One year ago, Bertelsmann acquired full ownership of Penguin Random House (PRH), the biggest publishing house in America, becoming its parent company when the deal closed in April 2020. Bertelsmann already owned 75% of PRH, which was formed in 2013 through a merger of Bertelsmann-owned Random House and Penguin Group, owned by British publishing firm Pearson. In the contest for Simon & Schuster, the powerhouse conglomerate outbid Rupert Murdoch’s News Corp, offering the American media group ViacomCBS $2.2 billion in cash.

The acquisition would strengthen Bertelsmann’s already significant presence in America. By bringing Simon & Schuster under the PRH umbrella, it would gain control of 70% of the literary fiction market in the U.S. and nearly a third of all English-language book sales worldwide. New York-based Simon & Schuster is the fifth-largest English-language book publisher in the world by revenues.

Thomas Rabe, Bertelsmann’s Chairman and CEO since 2012, is clear about his intention to consolidate the 185-year-old company’s dominance in the publishing industry. As Bertelsmann’s second-largest market and its top foreign market, the U.S. is crucial to this vision. “We are building our position as one of the leading creative content companies in the United States,” Rabe said. He is also confident that the deal will gain the approval of regulators in America and other countries.

The change in ownership would have an impact on the publishing industry, for better or worse. According to The Economist, “Authors and agents worry that the enlarged PRH may become ever more dominant in distribution,” and that such market concentration could place too much focus on bestsellers to the detriment of smaller titles. News Corp CEO Robert Thomson criticised the deal as having an “anti-market logic,” saying, “Bertelsmann is not just buying a book publisher, but buying market dominance as a book behemoth”.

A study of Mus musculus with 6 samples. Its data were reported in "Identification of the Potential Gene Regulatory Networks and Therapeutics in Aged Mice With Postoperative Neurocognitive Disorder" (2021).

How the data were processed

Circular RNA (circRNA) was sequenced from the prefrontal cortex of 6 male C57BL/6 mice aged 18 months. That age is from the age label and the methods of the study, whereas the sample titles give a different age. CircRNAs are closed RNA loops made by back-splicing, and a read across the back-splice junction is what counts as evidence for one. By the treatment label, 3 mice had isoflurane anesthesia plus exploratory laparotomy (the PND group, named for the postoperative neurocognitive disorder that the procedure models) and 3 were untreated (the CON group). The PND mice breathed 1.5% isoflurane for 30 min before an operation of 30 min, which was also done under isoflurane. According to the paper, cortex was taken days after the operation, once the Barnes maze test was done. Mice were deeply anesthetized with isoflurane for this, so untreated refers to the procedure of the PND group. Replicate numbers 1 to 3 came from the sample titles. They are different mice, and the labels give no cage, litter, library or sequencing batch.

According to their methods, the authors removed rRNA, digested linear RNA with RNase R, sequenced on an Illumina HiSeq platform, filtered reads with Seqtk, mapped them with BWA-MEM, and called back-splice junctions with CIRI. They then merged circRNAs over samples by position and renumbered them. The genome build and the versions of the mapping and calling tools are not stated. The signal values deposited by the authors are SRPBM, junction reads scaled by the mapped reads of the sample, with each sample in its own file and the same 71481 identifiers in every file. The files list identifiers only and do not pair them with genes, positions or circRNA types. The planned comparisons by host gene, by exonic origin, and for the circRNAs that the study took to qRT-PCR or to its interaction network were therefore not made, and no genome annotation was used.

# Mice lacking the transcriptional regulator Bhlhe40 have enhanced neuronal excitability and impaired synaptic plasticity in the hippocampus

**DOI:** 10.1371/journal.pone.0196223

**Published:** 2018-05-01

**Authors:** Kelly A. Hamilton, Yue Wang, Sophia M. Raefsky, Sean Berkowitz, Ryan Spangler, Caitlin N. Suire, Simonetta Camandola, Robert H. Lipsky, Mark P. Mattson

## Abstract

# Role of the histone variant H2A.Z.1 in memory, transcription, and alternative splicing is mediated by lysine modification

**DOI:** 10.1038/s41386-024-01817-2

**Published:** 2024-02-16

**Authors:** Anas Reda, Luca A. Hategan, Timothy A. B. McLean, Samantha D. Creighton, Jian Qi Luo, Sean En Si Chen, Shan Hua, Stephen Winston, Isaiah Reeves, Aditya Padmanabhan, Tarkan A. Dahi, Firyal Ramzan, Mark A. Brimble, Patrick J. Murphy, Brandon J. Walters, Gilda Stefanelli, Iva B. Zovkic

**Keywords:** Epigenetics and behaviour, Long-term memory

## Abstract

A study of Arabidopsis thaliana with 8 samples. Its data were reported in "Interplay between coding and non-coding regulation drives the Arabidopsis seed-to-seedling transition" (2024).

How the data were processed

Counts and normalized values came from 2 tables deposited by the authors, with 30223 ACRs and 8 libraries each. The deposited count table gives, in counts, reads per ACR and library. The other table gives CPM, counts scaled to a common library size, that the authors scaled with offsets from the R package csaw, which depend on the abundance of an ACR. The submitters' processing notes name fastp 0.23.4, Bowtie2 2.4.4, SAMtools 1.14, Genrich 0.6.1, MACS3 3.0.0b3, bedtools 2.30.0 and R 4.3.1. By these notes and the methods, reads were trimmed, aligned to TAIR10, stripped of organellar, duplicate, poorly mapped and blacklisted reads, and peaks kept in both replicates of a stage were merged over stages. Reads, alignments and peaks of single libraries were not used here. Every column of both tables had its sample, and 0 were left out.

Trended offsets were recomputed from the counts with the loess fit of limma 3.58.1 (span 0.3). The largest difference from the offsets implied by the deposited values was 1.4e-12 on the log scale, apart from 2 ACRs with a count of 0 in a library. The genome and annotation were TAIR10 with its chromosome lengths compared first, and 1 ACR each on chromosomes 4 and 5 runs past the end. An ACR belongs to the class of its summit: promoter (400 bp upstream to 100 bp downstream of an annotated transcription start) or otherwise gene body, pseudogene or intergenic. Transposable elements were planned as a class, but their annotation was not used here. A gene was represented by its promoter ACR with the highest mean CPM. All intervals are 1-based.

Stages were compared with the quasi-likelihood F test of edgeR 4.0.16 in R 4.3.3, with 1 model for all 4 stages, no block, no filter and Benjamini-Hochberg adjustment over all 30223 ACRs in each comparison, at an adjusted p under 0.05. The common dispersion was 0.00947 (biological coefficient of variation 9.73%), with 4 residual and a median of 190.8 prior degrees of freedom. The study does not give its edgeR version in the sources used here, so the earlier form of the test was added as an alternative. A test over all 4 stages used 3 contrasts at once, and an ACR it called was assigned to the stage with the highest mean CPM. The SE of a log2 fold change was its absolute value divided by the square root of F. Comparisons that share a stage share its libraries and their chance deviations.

Thomson believes the deal will alert trustbusters, and there is recent precedent for this in publishing. In May 2020 Cengage and McGraw-Hill, both publishers of educational books, were forced to scrap a planned “merger of equals” after it attracted the scrutiny of federal regulators. A long review process culminated in calls from the U.S. Department of Justice for the publishers to sell off assets that would have rendered the deal financially unviable. Similar snags would be problematic for the seller, ViacomCBS, which needs to finance its investments in video streaming.

Will doubling down on book publishing with an expensive purchase be beneficial to Bertelsmann? In its 2021 media and entertainment industry outlook, Deloitte highlights the accelerated convergence and remixing of entertainment experiences brought about by the pandemic. The entertainment options available to consumers continue to multiply. Early on in the pandemic book sales dipped, but they have since rebounded. “People are always predicting the decline of book publishing, but it has actually been very resilient,” says David Steinberger, Chief Executive of Arcadia Publishing.